Catholic Weekly

7 March 2004


Ashen start to Lenten journey

Funds boost to aid poorer Catholic schools

Better deal for 225

Fees should remain accessible

Caritas ‘springs from the heart’

Wait for news on Vanuatu

Priest’s ancestor was rebel leader’s sister

Pregnant pause: School’s in for mums and dads in waiting

Portrait of artist wins for Abbey

New St Vincent’s-Mater head

Bishops study new Mass text

Dream gathers momentum

Editorial: Funding welcome

Letters: Profound experience

Conversation: Tom O’Dwyer, ‘bowling baritone’ and special minister of Eucharist - Man of prayer who bowled the Don inl’48

When will you take that step?

Caritas way towards a better life

Queen of Apostles

School is standing tall

‘Don’t be a free loader’

World champion debater – again!

Castle Hill Rebellion

A ‘zombie’ kicks the habit

Gamblers hit courage jackpot when they seek help

Help for Timor

Cricket: secret men’s business?


Cricket: secret men’s business?

BEFORE VALENTINE’S: Cricketers on one side and the bride’s party on the other. Should Rosina have guessed what was in store?

By Damir Govorcin

Rosina Gordon had to put a story to air about “cricket widows” when she was working at Channel 9 in Brisbane.

“Not knowing what the term meant,” she says, “I commented to the producer: ‘Hang on. That’s Ian Healy’s wife. She’s not a widow.’

“My embarrassment was only surpassed by the satisfaction of knowing that this wouldn’t happen to me.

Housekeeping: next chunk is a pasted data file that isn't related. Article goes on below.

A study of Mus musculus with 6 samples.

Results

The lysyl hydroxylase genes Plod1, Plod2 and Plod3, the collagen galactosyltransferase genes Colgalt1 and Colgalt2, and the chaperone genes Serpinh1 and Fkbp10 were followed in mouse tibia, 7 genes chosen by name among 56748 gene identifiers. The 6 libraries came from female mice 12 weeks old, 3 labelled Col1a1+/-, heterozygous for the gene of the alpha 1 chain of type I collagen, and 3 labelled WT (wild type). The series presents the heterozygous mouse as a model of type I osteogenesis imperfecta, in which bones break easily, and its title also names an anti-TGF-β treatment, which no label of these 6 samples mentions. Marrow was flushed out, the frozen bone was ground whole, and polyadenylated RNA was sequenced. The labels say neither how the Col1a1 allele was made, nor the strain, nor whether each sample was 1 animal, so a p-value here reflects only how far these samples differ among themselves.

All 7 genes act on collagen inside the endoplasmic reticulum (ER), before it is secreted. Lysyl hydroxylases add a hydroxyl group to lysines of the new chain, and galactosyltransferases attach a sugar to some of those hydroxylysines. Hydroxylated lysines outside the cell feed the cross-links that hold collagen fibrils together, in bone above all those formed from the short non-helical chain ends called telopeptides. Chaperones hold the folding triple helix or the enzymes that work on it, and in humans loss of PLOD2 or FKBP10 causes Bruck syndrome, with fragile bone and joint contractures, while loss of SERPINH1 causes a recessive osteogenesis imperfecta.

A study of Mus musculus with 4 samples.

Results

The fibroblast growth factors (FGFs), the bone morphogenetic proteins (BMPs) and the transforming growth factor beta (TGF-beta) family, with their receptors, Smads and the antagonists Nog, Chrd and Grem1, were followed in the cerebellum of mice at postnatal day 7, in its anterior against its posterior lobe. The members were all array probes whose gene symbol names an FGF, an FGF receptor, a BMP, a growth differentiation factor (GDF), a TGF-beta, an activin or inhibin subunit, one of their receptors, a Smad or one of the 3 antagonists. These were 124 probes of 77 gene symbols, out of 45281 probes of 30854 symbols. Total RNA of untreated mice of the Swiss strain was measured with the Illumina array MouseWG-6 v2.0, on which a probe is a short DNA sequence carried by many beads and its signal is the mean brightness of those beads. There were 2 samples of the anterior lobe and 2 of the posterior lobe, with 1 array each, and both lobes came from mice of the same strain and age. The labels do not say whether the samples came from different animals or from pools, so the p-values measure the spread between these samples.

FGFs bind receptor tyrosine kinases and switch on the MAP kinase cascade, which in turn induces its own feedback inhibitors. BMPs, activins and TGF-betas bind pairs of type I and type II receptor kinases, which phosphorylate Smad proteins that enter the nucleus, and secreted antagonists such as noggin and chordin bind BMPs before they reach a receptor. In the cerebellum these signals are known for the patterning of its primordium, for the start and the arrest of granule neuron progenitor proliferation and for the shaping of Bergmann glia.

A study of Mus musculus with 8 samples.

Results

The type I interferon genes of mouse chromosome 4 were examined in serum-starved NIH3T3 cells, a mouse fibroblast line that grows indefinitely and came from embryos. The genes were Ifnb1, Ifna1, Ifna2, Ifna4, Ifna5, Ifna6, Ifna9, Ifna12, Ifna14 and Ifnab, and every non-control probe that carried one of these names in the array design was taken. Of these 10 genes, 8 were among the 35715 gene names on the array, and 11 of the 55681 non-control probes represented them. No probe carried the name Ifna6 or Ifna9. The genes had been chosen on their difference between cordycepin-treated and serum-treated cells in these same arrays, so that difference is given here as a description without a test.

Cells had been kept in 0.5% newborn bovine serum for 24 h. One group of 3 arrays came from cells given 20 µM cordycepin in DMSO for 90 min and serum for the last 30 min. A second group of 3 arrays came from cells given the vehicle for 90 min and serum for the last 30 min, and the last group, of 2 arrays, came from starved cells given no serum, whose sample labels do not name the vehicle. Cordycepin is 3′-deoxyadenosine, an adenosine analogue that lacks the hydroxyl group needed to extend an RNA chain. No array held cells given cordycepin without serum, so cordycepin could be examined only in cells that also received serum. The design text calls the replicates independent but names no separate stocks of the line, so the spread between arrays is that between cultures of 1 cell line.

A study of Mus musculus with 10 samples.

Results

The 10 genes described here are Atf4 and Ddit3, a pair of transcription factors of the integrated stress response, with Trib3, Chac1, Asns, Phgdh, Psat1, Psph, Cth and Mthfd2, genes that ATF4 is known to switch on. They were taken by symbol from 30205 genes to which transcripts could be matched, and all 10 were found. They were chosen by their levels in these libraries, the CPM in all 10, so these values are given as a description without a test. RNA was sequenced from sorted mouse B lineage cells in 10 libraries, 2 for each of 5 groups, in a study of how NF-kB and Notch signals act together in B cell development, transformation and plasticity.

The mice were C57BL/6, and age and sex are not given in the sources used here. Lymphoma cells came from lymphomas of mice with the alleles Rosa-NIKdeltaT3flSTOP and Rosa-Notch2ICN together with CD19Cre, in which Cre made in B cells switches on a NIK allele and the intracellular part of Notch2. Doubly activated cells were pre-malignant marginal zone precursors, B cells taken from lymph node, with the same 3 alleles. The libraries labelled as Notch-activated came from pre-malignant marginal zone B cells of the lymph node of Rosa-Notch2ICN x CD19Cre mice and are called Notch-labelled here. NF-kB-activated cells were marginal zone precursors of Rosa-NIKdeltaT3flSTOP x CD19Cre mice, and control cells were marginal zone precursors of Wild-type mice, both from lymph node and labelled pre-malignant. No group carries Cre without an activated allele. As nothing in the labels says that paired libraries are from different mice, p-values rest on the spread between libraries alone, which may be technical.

“But I can hear that sound, the one they play on Wheel of Fortune when you go bankrupt, ringing in my head.”

Rosina had no plans to wed a famous Australian sportsman, so “this was one misfortune I thought I wouldn’t have to endure”.


Fast forward to 2004.

Rosina marries schoolteacher Chris Gordon in January in the Dalton Chapel at St Ignatius’ College, Riverview, where Chris teaches.

The groom is also a middle order batsman with the Papal Bulls, the cricket team representing St Michael’s, Belfield.

The alarm bells didn’t ring then, even though the best man (the groom’s brother Anthony) and three groomsmen were all members of the cricket side.

Then came Saturday, February 14.

Rosina says: “My friend Annette (whose boyfriend plays golf) and I were enjoying ourselves together on Saturday, February 14.

“Then my sister Bernadette rang us and pointed out the obvious – two sporting widows together on Valentine’s Day.

“What more can I say?”

Rosina and Chris met at a pro-life rally 2½ years ago.

“Rosie thought I was just another hopeless young Catholic male,” says Chris, “because I said ‘hello’ and didn’t say anything else to her that day.”

But their paths would cross every Sunday at the 6pm Mass at St Patrick’s Church Hill.

“I was struck and impressed by Rosie’s reverence at Mass, she attended well and even hung around after to say some prayers,” says Chris.

“We had both been praying to find someone good at Our Lady’s altar at the rear of the church.

“I must have lit at least a thousand devotional candles to Mary to find me a good girl.

“One night after Mass I worked up the courage to ask Rosie out on a date.

“Well, we never looked back, as we were married less than 19 months later.

“I know this will be the greatest partnership of my life.”